Foundation Series: Inside A Scrum Sprint

This content is syndicated from Tyner Blain by Scott Sehlhorst. To view the original post in full, click here.

Photo of students in a classroom, learning scrum

People who already use Scrum will only find one new thing in this article – a way to communicate what happens inside a sprint that has proven effective for me.  People who are new to Scrum who wonder “how do things work inside a sprint?” will see how things work in a way that avoids hyperbole and is easy to map to what they already understand from traditional software development processes.

Two Teams Separated by a Common Process

George Bernard Shaw was an Irish author in London who memorably said “England and America are two countries separated by a common language.”  The same can be said about teams developing in agile and waterfall processes.

The story of agile adoption is one that has many colorful examples of adoption and of spreading the gospel.  Some practitioners traveled across the ocean from the agile continent to the lands of agile and opportunity to reap the rewards.  A few of those, after realizing the benefits of agile, invade our consciousness with a hellfire and brimstone tale of doom for anyone who doesn’t convert to the new religion.

Others seem hell-bent on kidnapping entire development teams, smuggling them across the ocean in the belly of steamer ships and unceremoniously dumping them in the land of agile, ready or not.  Scrum is but one branch of the agile movement.

Stalwarts of the old way, which has worked fine for me, thank you very much, refuse to leave their comfortable lives to step into the unknown wilds of agile.  Open-minded but responsible potential converts ask questions to gain an understanding of what life in the new world might be like.  What will life be like if I join this Scrum congregation?

How Does Scrum Really Work?

The best explanations of how scrum works that I’ve read come from Mike Cohn and Mountain Goat Software.  The training, videos, and explanations they share provide fantastic top-down introductions (as well as guidance after adopting Scrum).  His book, User Stories Applied, is the ultimate reference when gaining an understanding of the mechanics of using user stories as the central artifacts for developing software with scrum.


When people I’ve worked with first gain this understanding, they often ask, what are the artifacts that live in these backlogs?  User stories live there.  Sometimes use cases make more sense than user stories for Scrum- it depends (read the article to see which works best in your circumstance).  The common element is an outside-in, user-centric approach to describing which problems the software is intended to solve.  This is also known as goal-driven development.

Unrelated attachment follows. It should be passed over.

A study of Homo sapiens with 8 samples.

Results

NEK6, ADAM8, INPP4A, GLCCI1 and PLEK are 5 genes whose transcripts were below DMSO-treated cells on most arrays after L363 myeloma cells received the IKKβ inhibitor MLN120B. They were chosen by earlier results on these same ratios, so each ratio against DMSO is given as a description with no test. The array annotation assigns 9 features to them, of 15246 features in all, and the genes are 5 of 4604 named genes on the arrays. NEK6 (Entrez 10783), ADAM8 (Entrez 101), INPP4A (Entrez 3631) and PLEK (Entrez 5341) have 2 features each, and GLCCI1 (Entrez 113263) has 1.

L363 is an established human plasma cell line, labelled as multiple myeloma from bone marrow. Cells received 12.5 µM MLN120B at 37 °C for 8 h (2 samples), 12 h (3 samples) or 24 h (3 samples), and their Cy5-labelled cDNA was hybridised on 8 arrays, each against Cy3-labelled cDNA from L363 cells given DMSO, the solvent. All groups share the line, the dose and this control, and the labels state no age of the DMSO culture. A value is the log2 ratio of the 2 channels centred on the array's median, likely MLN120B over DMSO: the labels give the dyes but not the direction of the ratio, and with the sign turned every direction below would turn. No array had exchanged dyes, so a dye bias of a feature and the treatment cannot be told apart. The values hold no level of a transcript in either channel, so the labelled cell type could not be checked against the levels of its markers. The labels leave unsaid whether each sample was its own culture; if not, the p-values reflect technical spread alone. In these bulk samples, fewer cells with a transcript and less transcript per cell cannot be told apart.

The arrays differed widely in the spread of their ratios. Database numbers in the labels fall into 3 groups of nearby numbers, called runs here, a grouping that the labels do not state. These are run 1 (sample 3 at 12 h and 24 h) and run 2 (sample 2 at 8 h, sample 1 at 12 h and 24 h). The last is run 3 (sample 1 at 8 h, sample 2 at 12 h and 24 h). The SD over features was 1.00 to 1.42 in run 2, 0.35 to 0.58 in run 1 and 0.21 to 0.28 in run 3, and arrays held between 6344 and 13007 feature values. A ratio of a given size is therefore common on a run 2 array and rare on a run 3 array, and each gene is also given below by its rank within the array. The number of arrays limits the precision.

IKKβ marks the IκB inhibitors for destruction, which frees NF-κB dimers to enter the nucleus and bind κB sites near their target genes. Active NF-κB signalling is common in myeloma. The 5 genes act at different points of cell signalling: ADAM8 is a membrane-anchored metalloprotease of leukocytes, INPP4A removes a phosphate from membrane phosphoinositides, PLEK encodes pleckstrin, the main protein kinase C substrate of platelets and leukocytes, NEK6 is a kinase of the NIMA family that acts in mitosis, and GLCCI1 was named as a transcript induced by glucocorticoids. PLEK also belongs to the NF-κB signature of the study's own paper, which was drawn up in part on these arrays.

Once people understand the top-down view of the process, and have an idea of what user stories are, the next question they tend to ask is “how do stories move through the Scrum process?”

The first attempt at answering this question leans on the process diagram above:

  1. The product owner takes the most important stories from the product backlog and puts them into the sprint backlog – collaborating with the team to agree on the scope of work for this sprint (based on the amount of work, capacity of the team, real-world constraints, etc).
  2. The team “works the stories“, meeting every day to communicate effectively and provide progress updates – best visualized with a burndown chart.  This chart says “we started with X work to do, and every day, we track how much of X remains to be done.”
  3. At the end of the sprint, the work is done, and the software (or an update to the software) is ready to deliver.
  4. Sometimes, multiple sprints happen between releases – launches of the updated software, because customers (and the rest of your organization) incur a cost when changing to the latest version.  But the output of each sprint is deliverable – that’s a key concept – even if you choose not to deliver it just yet.

What Does it Mean to Work The Stories?

I’ve repeatedly had people ask, after absorbing the above explanation, “what does it mean to work the stories?”

I’ve had consistent success (in bridging the language divide) using the following diagrams (drawn on a whiteboard) to explain how stories flow through the sprint process in Scrum.

The first diagram shows that user stories have a structure – the story itself, and the acceptance criteria for the story. I also establish that the story is going to go through a life cycle within the sprint.







  • Using this framework to describe how a sprint works is effective when explaining to people who do not have any experience with agile.
  • Laying things out this way visually, will give you an easy-to-see signal if your team is unbalanced between developers and testers.

I’ve been involved with agile teams and processes for just over 11 years now, and incremental development is burned into my brain.  If you are new to scrum, please let me know if this seemed like a good way for you to consume this material.  If you’re an old hat, and have other suggestions or presentations, please add them in the comments below, because future readers will benefit from the additional ideas.